When it comes to films that should be remade, the 1986 romantic comedy “About Last Night” (which I really enjoyed) would probably not be high on my list.

Yet here it is, an updated version that the studio refers to as a “re-imagining” of the original, which was based on a stage play co-written by “Saturday Night Live” alum Tim Kazurinsky. The remake is a film with flaws, but it gets by because it understands the one rule of romantic comedies – it understands that if the audience likes the characters, there is a good chance they will like the movie.

These are very likable characters.

This remake shifts the story from Chicago to Los Angeles, with Danny (Michael Ealy) and Bernie (Kevin Hart) getting romantically involved with Joan (Regina Hall) and Debbie (Joy Bryant).

While Bernie and Joan’s relationship fizzles after a passionate start, Danny and Debbie’s relationship grows into something more. But as the commitment gets deeper, Danny and Debbie start to have doubts – worried this will end in the same manner that their previous relationships have.

How much you like “About Last Night” will probably depend on how much you like the four leads.

Bryant and Ealy carry more of the serious weight of the film, and they are interesting for the most part. Ealy showed he could be a romantic lead in “Think Like a Man,” and he continues to build that résumé here with a nice mix of brains and brawn.

Hart and Hall get the more comical part of the film. And while Hall shows she can hold her own, this is probably the best showcase yet for Hart’s comedic talents. He is unleashed here – unlike in “Ride Along” which saddled him with a PG-13 rating – and delivers some laugh-out-loud monologues.

“About Last Night” is at its best when it contrasts the men’s and women’s thoughts on relationships with rapid-fire dialogue that cuts back and forth between both points of view.

Those are the scenes where this remake feels fresh and is able to overcome a few minor quibbles. This is probably about 15 minutes too long, with the plot spinning its wheels a bit in the middle third.

But the cast makes it easy to forgive those warts. 

“About Last Night” isn’t quite up to the same level as the Rob Lowe/Demi Moore original, but it seems to set its goals a little lower – and manages to succeed on that modest level.

Also in theaters

If you are looking for something a little more family friendly this Valentine’s weekend, “The LEGO Movie” (B+) is the perfect answer. It’s an animated treat that will please all.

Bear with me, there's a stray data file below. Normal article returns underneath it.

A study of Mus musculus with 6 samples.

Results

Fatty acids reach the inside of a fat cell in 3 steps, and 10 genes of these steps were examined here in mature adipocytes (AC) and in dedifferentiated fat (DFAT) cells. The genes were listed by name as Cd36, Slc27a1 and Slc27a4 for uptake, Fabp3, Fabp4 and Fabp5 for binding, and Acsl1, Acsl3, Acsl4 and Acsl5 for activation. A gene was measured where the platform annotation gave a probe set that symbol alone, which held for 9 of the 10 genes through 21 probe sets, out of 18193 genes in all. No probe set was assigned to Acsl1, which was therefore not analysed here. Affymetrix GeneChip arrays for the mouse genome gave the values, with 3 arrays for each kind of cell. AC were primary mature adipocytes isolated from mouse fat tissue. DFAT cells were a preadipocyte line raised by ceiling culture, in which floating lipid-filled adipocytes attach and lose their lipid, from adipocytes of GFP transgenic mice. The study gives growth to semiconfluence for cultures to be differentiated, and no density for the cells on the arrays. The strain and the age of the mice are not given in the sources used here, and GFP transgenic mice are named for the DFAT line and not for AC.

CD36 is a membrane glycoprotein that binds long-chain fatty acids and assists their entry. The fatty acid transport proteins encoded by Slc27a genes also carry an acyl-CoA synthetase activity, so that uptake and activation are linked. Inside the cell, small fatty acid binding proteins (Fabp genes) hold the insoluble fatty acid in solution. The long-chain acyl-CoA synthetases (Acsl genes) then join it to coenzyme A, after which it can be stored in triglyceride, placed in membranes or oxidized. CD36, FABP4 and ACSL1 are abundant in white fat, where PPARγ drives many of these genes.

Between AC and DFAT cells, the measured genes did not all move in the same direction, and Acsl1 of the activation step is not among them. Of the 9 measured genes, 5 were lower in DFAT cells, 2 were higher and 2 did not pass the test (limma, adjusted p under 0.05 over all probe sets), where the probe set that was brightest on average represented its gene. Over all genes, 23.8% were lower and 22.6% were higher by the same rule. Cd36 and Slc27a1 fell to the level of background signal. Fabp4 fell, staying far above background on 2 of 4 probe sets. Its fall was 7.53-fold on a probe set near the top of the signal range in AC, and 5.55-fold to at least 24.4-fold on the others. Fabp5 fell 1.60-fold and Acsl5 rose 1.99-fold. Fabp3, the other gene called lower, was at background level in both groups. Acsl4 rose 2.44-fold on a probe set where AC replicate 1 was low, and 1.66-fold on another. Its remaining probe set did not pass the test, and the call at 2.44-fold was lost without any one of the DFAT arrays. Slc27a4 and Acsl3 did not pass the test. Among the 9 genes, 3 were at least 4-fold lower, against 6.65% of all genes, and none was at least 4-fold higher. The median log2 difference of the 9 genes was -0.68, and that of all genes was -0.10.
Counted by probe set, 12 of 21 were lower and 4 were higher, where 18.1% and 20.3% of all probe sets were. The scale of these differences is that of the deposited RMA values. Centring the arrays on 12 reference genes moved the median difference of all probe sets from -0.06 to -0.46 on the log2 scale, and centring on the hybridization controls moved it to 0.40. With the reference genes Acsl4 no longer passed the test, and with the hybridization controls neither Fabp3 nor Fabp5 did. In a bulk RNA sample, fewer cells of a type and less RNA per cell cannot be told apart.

It’s a movie that expands on the world of the popular toy, creating a universe full of imagination and surprise.

“The LEGO Movie” follows Emmet (voiced by Chris Pratt), an average Joe construction worker who is mistakenly identified as the key to saving the LEGO universe.

With the help of an all-knowing prophet (voiced by Morgan Freeman), a feisty female named Wyldstyle (voiced by Elizabeth Banks) and Batman (voiced by Will Arnett), Emmet sets out to stop the evil Lord Businessman (voiced by Will Ferrell) from destroying the LEGO world.

“The LEGO Movie” is very smart and very funny, with writer/directors Phil Lord and Christopher Miller (and co-writers Dan and Kevin Hageman) creating a fully functional world that is as detailed as any Pixar film.

The film is full of rapid-fire humor and pop culture references, but it also has a bit of originality (I dare you to not hum the feature song “Everything is Awesome” after you leave the theater). Some of the best visual gags involve a relic room that features everything from Band-Aids to golf balls, with some clever payoffs.

The animation is fresh, using a stop-motion style that brings the LEGO toys to life.

And just when it looks like the film has run out of ideas comes a final act that no one will see coming.

It’s a turn I’m still reflecting on several days after seeing the film. I’m not sure I’m 100 percent sold on it, but it is a twist that is as smart as everything else in “The LEGO Movie” — taking the film to a completely different level.

It isn’t quite in the realm of the “Toy Story” and original “Shrek” films, but it is pretty close.

Whether you’ve played with a LEGO toy set, or just stepped on a LEGO toy, this is a film that everyone can identify with.

“The LEGO Movie” is rated PG for mild action and rude humor and is now playing at the Regal Greenwood Mall Stadium 10 and Highland Cinemas in Glasgow.

— To get sportswriter/movie reviewer Micheal Compton’s thoughts on all things movies, visit his blog atmcompton.wordpress.com or his Twitter page at twitter.com/mcompton428. Email him at mcompton@bgdailynews.com.